SoftBank Vision Fund posted a nearly $18 billion operating loss for the fiscal year ended in March, and wrote down about 75% of its WeWork investment — but who cares if it managed overall gains of $9.6 billion, right? At least, that's the message SoftBank execs are expected to deliver to investors later today in a briefing focused on the two Vision Funds, according to a source familiar with the fund.

Why it matters: SoftBank famously raised about $100 billion in 2017 to back big tech unicorns, but disappointing bets like WeWork and Brandless raised questions about Vision Fund's, well, vision.

What they're saying: Since telling investors in May that it expects about 15 of its portfolio companies to go bankrupt, SoftBank now points out that some have raised new funding, all with lead investors not named SoftBank.

  • Some had up rounds, like Fanatics, goPuff, and Rappi.
  • Yes, but: Getaround, the peer-to-peer car rental company, saw its valuation drop to $700 million in its latest financing from $1.4 billion in the prior round. To be fair, the company was struggling even before the pandemic, yet managed to find its footing in the recent months.
  • Tokopedia had a pretty flat round, while Zymergen had a modest bump in valuation.

Meanwhile, SoftBank's second Vision fund is much smaller — $10 billion at the moment — and entirely financed by its parent company.

  • During Monday's earnings presentation, chairman Masayoshi Son told journalists SoftBank is "open always to third-party investors but at the moment we are not that popular yet."
  • The source familiar with the Vision Fund's operations tells Axios that the challenge is finding good deals, not capital. Once it exhausts the initial $10 billion, Vision Fund 2 may turn to outside investors.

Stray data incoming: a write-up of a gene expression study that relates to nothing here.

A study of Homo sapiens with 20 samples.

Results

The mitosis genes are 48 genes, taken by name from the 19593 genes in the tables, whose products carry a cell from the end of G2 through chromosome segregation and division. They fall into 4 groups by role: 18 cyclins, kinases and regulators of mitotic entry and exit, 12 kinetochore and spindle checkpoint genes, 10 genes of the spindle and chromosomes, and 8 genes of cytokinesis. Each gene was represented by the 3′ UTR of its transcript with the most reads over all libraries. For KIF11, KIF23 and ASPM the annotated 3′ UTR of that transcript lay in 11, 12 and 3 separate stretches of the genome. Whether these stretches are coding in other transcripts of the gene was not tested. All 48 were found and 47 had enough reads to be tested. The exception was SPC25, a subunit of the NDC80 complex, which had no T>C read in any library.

What's next: Hopefully it'll be filing for its SPAC soon...

Go deeper

Dan Primack, author of Pro Rata
Jan 28, 2021 - Economy & Business

NBA signals further interest in private equity funding

Illustration: Sarah Grillo/Axios

The National Basketball Association is opening the door a little wider for private equity funds, which to date have been largely excluded from investing in its franchises.

Driving the news: The league's board of governors has approved a framework whereby a PE fund could own up to 20% in a single franchise, and stakes in up to five franchises, as first reported by Sportico and confirmed by Axios.

Dave Lawler, author of World
1 hour ago - World

Americans increasingly see China as an enemy

One in three Americans, and a majority of Republicans, now view China as an enemy of the United States, according to a new survey from Pew Research Center.

By the numbers: Just 9% of Americans consider China a "partner," while 55% see Beijing as a "competitor" and 34% as an "enemy."

Scoop: Leaked HHS docs spotlight Biden's child migrant dilemma

A group of undocumented immigrants walk toward a Customs and Border Patrol station after being apprehended. Photo: Sergio Flores/The Washington Post via Getty Images

Fresh internal documents from the Department of Health and Human Services show how quickly the number of child migrants crossing the border is overwhelming the administration's stretched resources.

Driving the news: In the week ending March 1, the Border Patrol referred to HHS custody an average of 321 children per day, according to documents obtained by Axios. That's up from a weekly average of 203 in late January and early February — and just 47 per day during the first week of January.